The beauty of classic automotive design is often in direct struggle with modern safety and fuel economy standards, not to mention the latest in technology. Case in point, the European Union’s forceful 2013 standards for safety, which led to prior beauties like the BMW 7 Series donning a more vertical fascia, a taller hood/impact zone and lower bumpers to decrease the risk of pedestrian injury in an accident. This was, of course, a good thing, but our point is that in many ways it’s becoming harder to design an iconic beauty.

Even disregarding standards, plenty of manufacturers are making hideous cars all on their own. But there are still a number of shining examples around today, ones that echo the past and ones that break new ground but don’t break the rules of good taste. These ten prove that less is more and that automotive design is not on the rocks.


MORE ICONIC DESIGNS: The 50 Most Iconic Cars in Motoring History | 50 Years of the Porsche 911 | Behind The Wheel: 1968 Jaguar E-Type Series 1.5

Porsche 911 Carrera (991)


Best Design from the Past: 50 years on the automotive scene is one thing. 50 years of sports car awesomeness is another. The Porsche 911 Carrera’s basic shape has remained essentially unchanged for half a century, making it perhaps the most recognizable car on the planet. The current 991 platform shows no signs of slowing down. It’s as handsome as it has ever been, with classic round headlights and super sleek taillights bookending one of the sexiest bodies to ever come out of Stuttgart. We’re not sure how Porsche can possibly make this look better. Maybe Singer can get a hold of one?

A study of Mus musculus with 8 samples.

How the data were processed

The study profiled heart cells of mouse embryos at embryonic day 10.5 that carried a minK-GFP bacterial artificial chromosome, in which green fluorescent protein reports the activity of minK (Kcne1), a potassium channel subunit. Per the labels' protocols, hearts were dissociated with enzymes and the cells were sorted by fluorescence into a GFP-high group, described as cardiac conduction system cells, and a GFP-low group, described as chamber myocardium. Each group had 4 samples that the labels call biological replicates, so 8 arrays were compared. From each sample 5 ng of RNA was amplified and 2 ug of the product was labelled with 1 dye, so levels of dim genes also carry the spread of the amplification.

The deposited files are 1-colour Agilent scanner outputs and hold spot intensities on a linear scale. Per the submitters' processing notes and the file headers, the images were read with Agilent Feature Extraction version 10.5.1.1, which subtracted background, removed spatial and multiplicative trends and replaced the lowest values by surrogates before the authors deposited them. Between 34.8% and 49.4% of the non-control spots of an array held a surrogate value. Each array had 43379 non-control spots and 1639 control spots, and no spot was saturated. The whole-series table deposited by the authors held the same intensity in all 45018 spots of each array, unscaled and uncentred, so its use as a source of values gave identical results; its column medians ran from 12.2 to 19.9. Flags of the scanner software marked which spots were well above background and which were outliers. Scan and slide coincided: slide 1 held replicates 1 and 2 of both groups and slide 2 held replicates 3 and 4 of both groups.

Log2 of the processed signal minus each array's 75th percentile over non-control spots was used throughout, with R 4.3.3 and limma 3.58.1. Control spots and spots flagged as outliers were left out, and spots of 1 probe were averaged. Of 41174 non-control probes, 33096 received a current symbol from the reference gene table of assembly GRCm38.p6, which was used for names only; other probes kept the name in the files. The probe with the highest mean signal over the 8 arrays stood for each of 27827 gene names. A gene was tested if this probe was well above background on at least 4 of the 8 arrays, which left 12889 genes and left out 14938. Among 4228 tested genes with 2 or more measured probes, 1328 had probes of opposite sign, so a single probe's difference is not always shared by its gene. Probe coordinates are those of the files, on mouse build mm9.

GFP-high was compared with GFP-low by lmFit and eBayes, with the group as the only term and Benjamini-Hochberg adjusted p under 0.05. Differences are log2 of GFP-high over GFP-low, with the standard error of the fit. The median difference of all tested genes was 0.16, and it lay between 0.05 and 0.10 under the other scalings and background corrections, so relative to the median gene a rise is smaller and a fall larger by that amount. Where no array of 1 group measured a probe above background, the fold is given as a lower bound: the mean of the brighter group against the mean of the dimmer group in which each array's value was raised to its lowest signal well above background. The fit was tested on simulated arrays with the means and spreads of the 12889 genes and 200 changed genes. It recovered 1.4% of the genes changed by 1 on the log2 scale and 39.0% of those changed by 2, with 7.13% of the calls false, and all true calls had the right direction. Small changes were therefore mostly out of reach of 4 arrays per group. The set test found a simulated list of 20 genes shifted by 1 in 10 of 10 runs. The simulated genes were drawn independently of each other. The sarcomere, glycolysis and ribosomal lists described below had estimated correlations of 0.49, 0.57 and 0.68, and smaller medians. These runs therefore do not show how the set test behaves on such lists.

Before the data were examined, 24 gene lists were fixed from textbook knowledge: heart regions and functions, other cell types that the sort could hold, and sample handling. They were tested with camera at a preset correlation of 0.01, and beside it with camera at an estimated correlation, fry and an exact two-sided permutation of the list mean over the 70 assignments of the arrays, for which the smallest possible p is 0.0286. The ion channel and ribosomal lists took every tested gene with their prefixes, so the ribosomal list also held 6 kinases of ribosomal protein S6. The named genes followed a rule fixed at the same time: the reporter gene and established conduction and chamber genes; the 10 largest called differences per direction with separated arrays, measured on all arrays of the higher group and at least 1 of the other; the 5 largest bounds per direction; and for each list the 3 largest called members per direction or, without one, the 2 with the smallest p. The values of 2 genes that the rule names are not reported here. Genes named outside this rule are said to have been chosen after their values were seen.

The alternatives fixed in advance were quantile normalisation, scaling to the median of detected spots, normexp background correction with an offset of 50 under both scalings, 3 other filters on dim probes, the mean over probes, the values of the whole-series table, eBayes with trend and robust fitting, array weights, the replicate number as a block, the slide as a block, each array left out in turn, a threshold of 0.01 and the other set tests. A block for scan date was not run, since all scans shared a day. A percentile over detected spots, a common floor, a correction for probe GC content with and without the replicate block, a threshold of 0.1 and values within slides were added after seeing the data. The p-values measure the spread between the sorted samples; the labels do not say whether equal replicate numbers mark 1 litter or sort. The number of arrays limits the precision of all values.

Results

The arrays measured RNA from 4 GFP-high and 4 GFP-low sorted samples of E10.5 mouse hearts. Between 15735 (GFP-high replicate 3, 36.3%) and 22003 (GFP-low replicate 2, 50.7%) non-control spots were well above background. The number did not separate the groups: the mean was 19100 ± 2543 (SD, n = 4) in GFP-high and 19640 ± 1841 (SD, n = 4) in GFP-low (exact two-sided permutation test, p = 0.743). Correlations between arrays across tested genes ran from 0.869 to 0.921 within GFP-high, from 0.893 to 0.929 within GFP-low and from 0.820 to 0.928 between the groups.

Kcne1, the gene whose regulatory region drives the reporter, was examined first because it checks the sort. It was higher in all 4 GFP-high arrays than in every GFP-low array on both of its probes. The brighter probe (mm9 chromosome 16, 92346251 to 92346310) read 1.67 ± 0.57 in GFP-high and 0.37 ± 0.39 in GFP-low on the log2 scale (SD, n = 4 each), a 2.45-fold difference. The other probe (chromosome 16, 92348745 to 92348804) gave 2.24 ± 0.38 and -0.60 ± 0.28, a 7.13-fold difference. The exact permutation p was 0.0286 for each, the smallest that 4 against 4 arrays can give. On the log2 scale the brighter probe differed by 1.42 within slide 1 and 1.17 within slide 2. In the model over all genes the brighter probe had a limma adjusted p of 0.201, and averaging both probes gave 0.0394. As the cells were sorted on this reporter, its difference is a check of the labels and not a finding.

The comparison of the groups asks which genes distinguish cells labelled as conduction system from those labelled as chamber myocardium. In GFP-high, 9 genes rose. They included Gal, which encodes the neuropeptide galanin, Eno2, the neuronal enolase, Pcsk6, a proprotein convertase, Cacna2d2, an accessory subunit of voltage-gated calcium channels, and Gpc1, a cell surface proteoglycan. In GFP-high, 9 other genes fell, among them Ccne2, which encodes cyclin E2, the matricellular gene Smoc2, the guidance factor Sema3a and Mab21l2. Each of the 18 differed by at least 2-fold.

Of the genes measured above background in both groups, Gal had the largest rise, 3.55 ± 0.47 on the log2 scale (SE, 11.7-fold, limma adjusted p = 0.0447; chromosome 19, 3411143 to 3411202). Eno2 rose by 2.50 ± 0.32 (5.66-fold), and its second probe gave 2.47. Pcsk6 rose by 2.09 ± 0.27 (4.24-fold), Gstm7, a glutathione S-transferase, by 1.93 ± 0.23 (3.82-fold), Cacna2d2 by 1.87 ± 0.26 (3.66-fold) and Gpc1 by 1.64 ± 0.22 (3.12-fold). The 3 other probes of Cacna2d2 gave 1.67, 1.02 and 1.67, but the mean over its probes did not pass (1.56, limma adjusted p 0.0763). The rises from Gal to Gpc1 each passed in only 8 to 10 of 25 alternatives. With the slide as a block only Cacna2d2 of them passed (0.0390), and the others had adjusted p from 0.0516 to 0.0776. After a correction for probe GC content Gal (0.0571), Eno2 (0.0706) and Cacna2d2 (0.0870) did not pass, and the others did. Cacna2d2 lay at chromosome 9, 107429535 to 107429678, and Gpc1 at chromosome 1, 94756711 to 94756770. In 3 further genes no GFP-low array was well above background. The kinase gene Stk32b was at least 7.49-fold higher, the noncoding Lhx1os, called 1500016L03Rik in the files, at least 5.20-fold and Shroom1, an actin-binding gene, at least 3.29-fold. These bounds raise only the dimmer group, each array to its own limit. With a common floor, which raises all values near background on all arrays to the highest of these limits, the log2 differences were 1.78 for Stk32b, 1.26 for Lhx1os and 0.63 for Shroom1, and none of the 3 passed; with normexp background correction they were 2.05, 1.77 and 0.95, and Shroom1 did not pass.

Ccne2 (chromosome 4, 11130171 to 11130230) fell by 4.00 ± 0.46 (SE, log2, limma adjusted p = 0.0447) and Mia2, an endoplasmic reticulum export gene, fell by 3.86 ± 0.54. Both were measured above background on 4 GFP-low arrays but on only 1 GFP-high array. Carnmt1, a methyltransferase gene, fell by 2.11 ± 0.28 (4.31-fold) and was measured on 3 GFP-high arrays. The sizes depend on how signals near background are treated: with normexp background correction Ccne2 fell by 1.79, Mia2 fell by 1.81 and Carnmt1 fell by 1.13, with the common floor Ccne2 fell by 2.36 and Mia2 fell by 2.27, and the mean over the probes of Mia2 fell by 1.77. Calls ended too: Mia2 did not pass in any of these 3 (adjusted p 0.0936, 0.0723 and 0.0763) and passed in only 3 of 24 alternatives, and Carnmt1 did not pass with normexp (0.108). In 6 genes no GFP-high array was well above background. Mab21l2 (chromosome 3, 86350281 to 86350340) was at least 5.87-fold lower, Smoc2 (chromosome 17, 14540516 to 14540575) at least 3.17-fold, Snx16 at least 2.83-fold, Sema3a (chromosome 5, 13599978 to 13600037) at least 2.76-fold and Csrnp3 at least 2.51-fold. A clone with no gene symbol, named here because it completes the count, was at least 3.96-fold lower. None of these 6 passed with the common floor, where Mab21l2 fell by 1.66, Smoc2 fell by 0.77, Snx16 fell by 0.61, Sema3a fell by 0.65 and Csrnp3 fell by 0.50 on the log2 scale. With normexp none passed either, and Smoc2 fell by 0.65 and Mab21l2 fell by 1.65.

Audi A7


Best 4-Door Coupe Design: Even though Mercedes beat Audi to the punch with the lovely CLS in 2004, the A7 has Merc beat in the looks department. See an A7 drive by and your head will turn, not because it’s flashy, but because the swoopy and crisp roofline ends in one of the most beautiful rear ends in the business. And it’s even better in the model refresh for next year — including the monstrous RS7 (shown).


Tesla Model S


Best Electric Design: The Tesla Model S rockets drivers into the future by virtue of its speed, battery technology and space-age interior. The slippery shape catches eyes not because it’s overdone and flashy but because it’s subtle and elegant, unlike other “lozenge” inspired eco-cars out there. From its exotic headlights to the almond-shaped greenhouse and the flush-mounted door handles, the Tesla Model S is the best electric design out there.


Lamborghini Huracán LP 610-4


Best Supercar Design: Sure, the Huracán has some big shoes to fill, but it’s more than ready — and not just from a performance standpoint. It’s the most beautiful Lambo to come down the pipe since the Miura, and that’s saying something. The folks at Sant’Agata have taken the signature Lamborghini angularity and softened it without detracting from the car’s aggressive leanings. The large air intakes that sit below the Y-shaped LED headlamps are big but simple, while the beveled crease that extends from the A-pillar and tucks deeply into C-pillar is its most divine feature. Lamborghini has a winner on its hands, and now it lends a degree of class not seen in the Gallardo.


Aston Martin Vanquish


Best Grand Tourer Design: As much as we adored the muscularity and beefiness of the first Vanquish in 2001, the second coming is far more stunning. Gone is the “braces on an angry fist” look of the first car, replaced by sinewy elegance. The new Vanquish is leaner in front with even more pronounced rear haunches that make it look ready to pounce on weaker victims. The winged badge taillights, however, are the Vanquish’s finest feature. It’s a GT car that looks as good as it sounds, and it better do both well, since it costs as much as a house.